Indicted by Mueller’s special counsel, the supposed founder of Russia's ‘troll factory’ says Americans are ‘impressionable people’
Robert Mueller’s special counsel investigating Russian interference in the 2016 U.S. presidential election has made its first charges, indicting 13 Russian citizens and three Russian organizations on Friday with conspiracy to defraud the United States, conspiracy to commit wire fraud and bank fraud, and aggravated identity theft.
In other words, a grand jury has charged Russia’s infamous “troll factory” and its top staff and Kremlin-connected sponsor with illegally using social media platforms to “sow discord in the U.S. political system” — mostly by “supporting Donald Trump” and “disparaging Hillary Clinton.”
The actions described in the charges range from elaborate financial transactions and online subterfuge to “troll factory” employees paying an American to stand outside the White House in 2016 with a birthday sign for Evgeny Prigozhin, the alleged owner of Russia’s “Internet Research Agency.”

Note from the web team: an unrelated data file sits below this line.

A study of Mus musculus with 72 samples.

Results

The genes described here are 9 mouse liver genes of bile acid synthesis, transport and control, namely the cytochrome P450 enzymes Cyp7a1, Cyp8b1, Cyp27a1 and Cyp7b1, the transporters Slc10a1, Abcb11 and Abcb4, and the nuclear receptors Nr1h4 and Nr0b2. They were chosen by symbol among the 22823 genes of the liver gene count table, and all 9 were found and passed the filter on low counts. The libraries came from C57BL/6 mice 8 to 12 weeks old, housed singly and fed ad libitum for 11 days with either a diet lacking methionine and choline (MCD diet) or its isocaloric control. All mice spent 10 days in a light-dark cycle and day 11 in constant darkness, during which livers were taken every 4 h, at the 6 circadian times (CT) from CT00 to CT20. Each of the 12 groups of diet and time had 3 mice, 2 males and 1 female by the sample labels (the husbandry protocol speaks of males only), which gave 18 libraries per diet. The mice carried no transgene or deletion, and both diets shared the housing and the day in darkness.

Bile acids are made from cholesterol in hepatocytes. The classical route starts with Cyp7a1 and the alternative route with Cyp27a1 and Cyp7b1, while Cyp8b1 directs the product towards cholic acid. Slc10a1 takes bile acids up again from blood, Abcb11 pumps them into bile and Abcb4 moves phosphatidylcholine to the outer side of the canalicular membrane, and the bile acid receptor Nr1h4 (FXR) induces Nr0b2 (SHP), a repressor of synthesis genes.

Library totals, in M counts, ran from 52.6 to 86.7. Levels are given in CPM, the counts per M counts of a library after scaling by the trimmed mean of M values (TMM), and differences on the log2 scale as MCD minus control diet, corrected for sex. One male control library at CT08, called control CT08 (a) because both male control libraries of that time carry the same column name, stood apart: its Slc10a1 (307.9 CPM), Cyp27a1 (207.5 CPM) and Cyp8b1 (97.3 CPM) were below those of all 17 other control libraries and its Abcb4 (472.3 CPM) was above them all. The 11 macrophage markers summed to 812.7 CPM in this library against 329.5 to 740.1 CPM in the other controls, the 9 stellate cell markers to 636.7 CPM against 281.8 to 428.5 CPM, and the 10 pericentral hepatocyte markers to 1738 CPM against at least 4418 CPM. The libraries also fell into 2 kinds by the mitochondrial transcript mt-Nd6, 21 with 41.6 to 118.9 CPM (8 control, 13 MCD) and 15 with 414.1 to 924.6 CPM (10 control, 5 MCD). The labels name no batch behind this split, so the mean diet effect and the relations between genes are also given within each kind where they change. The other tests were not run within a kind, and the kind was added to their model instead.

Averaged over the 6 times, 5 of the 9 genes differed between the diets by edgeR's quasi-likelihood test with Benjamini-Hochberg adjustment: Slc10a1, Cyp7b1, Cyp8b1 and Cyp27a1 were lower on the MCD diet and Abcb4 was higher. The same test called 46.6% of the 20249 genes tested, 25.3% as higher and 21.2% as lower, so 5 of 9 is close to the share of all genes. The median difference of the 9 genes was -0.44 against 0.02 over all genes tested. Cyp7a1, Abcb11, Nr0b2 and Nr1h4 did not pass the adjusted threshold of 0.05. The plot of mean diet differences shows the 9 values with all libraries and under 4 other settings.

You can read the full 37-page indictment at the Justice Department’s website. According to the charges, the defendants have conspired since 2014 to violate American laws banning foreigners from spending money to influence U.S. elections.
Responding to the indictments, Prigozhin told the news agency RIA Novosti that he's not upset: “The Americans are very impressionable people — they see what they want to see. I have great respect for them. I'm not at all upset that I've been named on this list. If they want to see a devil, then let them.”